November 04, 2000|MIKE GOMEZ | Mike Gomez has taught sixth, seventh and eighth grades at Wesley Gaines School in the Paramount School District for the last four years

In its most destructive form, inequality in education reduces children to poverty. As a fourth-year teacher in Los Angeles, I experience inequality every day. Administrators at my school seem to understand this, yet they ignore the fact that the majority of inner-city students stand on the brink of utter failure.

Many of my students come into the classroom with a plethora of disadvantages. Many of them don't have the support of both parents at home. Often mothers alone must shoulder the overwhelming responsibility of feeding, clothing and educating their children.

Academically speaking, a high percentage of my students are low readers who lack the necessary skills to do well on standardized tests.

In addition, most of them seldom get the opportunity to experience life outside of their neighborhood. These children are confined to the 'hood, as most of them call it. They are reduced to accepting poverty as their lifetime companion.

Certainly they thirst for success, but thirsting for success isn't enough to create it. What they need are resources, the basic technological tools that our modern world has possessed for well over a decade. When middle-grade children from a particular segment of society don't have adequate computer technology (or any computers, for that matter) in their classrooms, this places them in a less-privileged position than the rest of society.

Unfortunately, this is the scenario where I teach. I've visited other public schools where the school district had a better grasp on things, and their classrooms are brimming with the latest technology. Those children are receiving a sound education. They have access to laptops, personal computers, printers and Web sites, tools that should be allocated to all children. Not only my students, but thousands upon thousands of students within a five-mile radius of these technologically superior public schools are tragically being left behind in the Dark Ages. They are quickly falling toward the fringes of society. Poverty will mark their lives because they don't have the adequate education to become financially successful.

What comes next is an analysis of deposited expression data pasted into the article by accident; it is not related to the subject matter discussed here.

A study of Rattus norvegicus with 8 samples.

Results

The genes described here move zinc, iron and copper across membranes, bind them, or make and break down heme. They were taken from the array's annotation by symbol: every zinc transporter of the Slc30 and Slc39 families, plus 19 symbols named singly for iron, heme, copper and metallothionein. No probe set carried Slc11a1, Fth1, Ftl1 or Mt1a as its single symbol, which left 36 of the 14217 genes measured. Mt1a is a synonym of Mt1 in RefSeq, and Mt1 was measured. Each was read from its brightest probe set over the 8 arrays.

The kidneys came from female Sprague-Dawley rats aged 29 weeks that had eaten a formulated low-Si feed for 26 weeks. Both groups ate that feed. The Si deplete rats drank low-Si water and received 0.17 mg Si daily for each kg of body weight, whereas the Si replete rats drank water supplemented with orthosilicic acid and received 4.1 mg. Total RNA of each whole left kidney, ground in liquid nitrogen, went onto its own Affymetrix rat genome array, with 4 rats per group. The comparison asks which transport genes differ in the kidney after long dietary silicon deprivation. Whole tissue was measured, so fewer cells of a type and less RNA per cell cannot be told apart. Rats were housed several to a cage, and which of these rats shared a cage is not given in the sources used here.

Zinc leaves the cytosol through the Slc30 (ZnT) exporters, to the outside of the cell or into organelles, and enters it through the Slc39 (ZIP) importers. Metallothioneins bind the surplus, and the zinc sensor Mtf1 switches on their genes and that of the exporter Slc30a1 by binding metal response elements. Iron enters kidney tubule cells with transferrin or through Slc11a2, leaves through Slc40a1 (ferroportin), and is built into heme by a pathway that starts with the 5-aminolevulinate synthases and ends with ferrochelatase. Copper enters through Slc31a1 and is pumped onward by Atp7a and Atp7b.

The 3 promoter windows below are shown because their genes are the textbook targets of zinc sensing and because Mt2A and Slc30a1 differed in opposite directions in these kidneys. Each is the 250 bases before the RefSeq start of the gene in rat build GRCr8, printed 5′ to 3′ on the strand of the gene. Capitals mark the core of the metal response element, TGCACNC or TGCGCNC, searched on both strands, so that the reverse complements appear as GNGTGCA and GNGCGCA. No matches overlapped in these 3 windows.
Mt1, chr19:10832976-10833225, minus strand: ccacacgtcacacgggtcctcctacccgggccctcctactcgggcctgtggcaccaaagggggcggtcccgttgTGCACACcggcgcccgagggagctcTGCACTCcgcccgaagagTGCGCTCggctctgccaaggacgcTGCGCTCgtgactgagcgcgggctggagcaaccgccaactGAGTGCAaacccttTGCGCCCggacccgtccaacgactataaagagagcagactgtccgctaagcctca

How do we even begin to deal with this overwhelming disparity? We need to look closer at the truth and acknowledge that inequality does exist. In all its ugly forms, inequality is pervasive in our public schools. The children who are receiving the finest educations, namely those who are being given vital information resources that can only be accessed via computers, stimulating and educational field trips, enthusiastic teachers and shrewd administrators, will be our future leaders. They will go forth into the world with confidence and knowledge. But those students who are neglected will simply perpetuate the poverty and misfortune that many of their parents inherited. Perhaps there might exist the few who somehow get through the jagged seams of their hopeless quagmire. But what about the other poor students, the girls who follow the footsteps of their 15-year-old mothers, or the boys who seek the demons that sent their fathers to jail? These are the same students who might very well be walking their own children to the same schools where they learned how to be poor.

Unless there is some serious overhauling of our feeble educational system, at least at the local level, the vast majority of these unfortunate children simply will be unable to partake in the economic prosperity our nation possesses. Ignorance and poverty will be an acceptable plateau for them.